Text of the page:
The usually reticent first lady Melania Trump took to Twitter on Monday to air her concern about a “growing epidemic” of teen vaping.
Her Twitter-addicted husband had already gotten the message.
The couple has a 13-year-old son and the first lady’s tweet followed weeks of behind-the-scenes efforts to come up with a response to growing pressure over the explosion of teen vaping and the spread of a mysterious vaping-linked illness across the country.
President Donald Trump in the Oval Office on Wednesday unexpectedly announced a crackdown. Health and Human Services Secretary Alex Azar, sitting at his side, said that federal regulators would pull thousands of flavored vapes off the market until they go through regulatory reviews. That bar will be tough for many e-cigarette makers to clear, federal officials suggested.
The first lady was not the only driving force. Tackling teen vaping is one of those child health issues that appeals to a wide swath of voters — and Democrats have scheduled hearings and demanded prompt action from the Food and Drug Administration.
But Trump said his wife’s pressure was key. In comparison with past first ladies, she has had a low profile on public policy. Here, in contrast, she persuaded her husband to dramatically shift the government’s approach to a massive, growing and politically connected industry. That’s something that neither federal regulators nor Capitol Hill had been able to do.
“Melania has the same concerns as any mom with a 13-year-old child,” said a former Trump adviser who remains close to the White House. “Whether it’s bullying or smoking … moms want their kids to be safe. And in this case, she whispers in the ear of the American president who can actually do something about this crisis that moms care about.”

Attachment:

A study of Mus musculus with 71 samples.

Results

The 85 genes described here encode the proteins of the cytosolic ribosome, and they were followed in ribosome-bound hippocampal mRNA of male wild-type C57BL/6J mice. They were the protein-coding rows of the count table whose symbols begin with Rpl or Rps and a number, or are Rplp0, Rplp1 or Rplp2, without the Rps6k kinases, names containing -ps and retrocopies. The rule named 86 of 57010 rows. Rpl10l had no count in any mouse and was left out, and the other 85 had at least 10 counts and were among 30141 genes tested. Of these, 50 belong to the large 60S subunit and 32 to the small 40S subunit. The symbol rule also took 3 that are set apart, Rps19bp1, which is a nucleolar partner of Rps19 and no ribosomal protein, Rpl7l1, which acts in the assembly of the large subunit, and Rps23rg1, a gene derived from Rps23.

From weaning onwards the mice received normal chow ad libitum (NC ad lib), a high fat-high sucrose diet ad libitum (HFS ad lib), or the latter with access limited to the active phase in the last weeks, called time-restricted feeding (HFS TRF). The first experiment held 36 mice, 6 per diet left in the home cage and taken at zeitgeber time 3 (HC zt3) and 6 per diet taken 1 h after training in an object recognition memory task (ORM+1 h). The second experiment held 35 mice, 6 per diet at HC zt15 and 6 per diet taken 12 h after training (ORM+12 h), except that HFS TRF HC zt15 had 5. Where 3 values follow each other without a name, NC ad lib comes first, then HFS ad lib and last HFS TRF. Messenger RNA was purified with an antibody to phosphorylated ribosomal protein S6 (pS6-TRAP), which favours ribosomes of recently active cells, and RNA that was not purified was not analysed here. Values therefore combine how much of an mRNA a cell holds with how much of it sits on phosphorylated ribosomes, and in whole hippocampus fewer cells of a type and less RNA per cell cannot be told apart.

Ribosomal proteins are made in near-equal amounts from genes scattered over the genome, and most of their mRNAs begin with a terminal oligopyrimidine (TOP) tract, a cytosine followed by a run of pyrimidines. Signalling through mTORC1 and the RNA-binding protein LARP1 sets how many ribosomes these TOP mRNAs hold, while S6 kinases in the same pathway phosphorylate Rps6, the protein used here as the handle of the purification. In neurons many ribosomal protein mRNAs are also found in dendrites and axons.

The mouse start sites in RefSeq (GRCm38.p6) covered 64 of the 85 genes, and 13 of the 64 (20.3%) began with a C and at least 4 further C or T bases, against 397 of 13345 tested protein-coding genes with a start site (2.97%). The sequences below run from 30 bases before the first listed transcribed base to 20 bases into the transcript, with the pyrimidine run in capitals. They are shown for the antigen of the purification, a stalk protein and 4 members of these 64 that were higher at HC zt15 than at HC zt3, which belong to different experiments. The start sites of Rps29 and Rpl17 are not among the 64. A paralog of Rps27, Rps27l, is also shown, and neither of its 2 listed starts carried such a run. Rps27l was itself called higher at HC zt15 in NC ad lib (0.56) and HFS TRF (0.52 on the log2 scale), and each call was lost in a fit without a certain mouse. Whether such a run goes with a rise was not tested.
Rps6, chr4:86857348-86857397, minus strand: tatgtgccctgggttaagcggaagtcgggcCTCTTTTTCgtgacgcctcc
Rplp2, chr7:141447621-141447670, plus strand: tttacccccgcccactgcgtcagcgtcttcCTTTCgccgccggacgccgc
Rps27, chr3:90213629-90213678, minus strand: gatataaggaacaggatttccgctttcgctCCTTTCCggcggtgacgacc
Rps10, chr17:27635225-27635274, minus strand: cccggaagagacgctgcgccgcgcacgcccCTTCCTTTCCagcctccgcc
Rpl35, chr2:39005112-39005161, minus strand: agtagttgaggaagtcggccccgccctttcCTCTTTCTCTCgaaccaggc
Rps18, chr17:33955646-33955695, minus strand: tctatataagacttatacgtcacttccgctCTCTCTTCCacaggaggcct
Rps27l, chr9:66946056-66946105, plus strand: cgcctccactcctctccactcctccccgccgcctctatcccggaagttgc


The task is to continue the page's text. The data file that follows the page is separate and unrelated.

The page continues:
I am deeply concerned about the growing epidemic of e-cigarette use in our children. We need to do all we can to protect the public from tobacco-related disease and death, and prevent e-cigarettes from becoming an on-ramp to nicotine addiction for a generation of youth. @HHSGov
— Melania Trump (@FLOTUS) September 9, 2019
The new policy overrides resistance from some Republicans who promoted a more cautious approach to policing products they argue could be much safer than traditional tobacco. It’s also a new direction for Trump’s own administration, which had delayed e-cigarette regulation and been open to the argument that vaping nicotine is safer than smoking traditional cigarettes.
Going into an election year, the administration also was eager not to let vocal congressional Democrats like Sen. Dick Durbin (D-Ill.) own a high-profile public health issue at the expense of administration officials like acting FDA Commissioner Ned Sharpless.
“Durbin was relentless — and Sharpless was spineless,” said one public health official, who asked not to be identified because he has worked with both Republican and Democratic officials on tobacco. “The Trump administration didn’t want to see Durbin getting results, and Durbin getting credit.”
The No. 2 Senate Democrat phoned Azar twice in the past week, both times urging him to ban flavored vaping products, according to a person familiar with the calls.
The concerns are being driven by fresh evidence that the teen vaping epidemic is getting worse and drawing in young teens around the same age as the Trumps’ son Barron. The Centers for Disease Control’s annual youth tobacco survey found that more than a quarter of high school students had used e-cigarettes in the past 30 days, and the overwhelming majority of youth e-cigarette users cited the use of popular fruit and menthol or mint flavors.
“We can’t have our kids be so affected,” Trump said. “That’s how the first lady got involved. She’s got a son … a beautiful young man, and she feels very, very strongly.”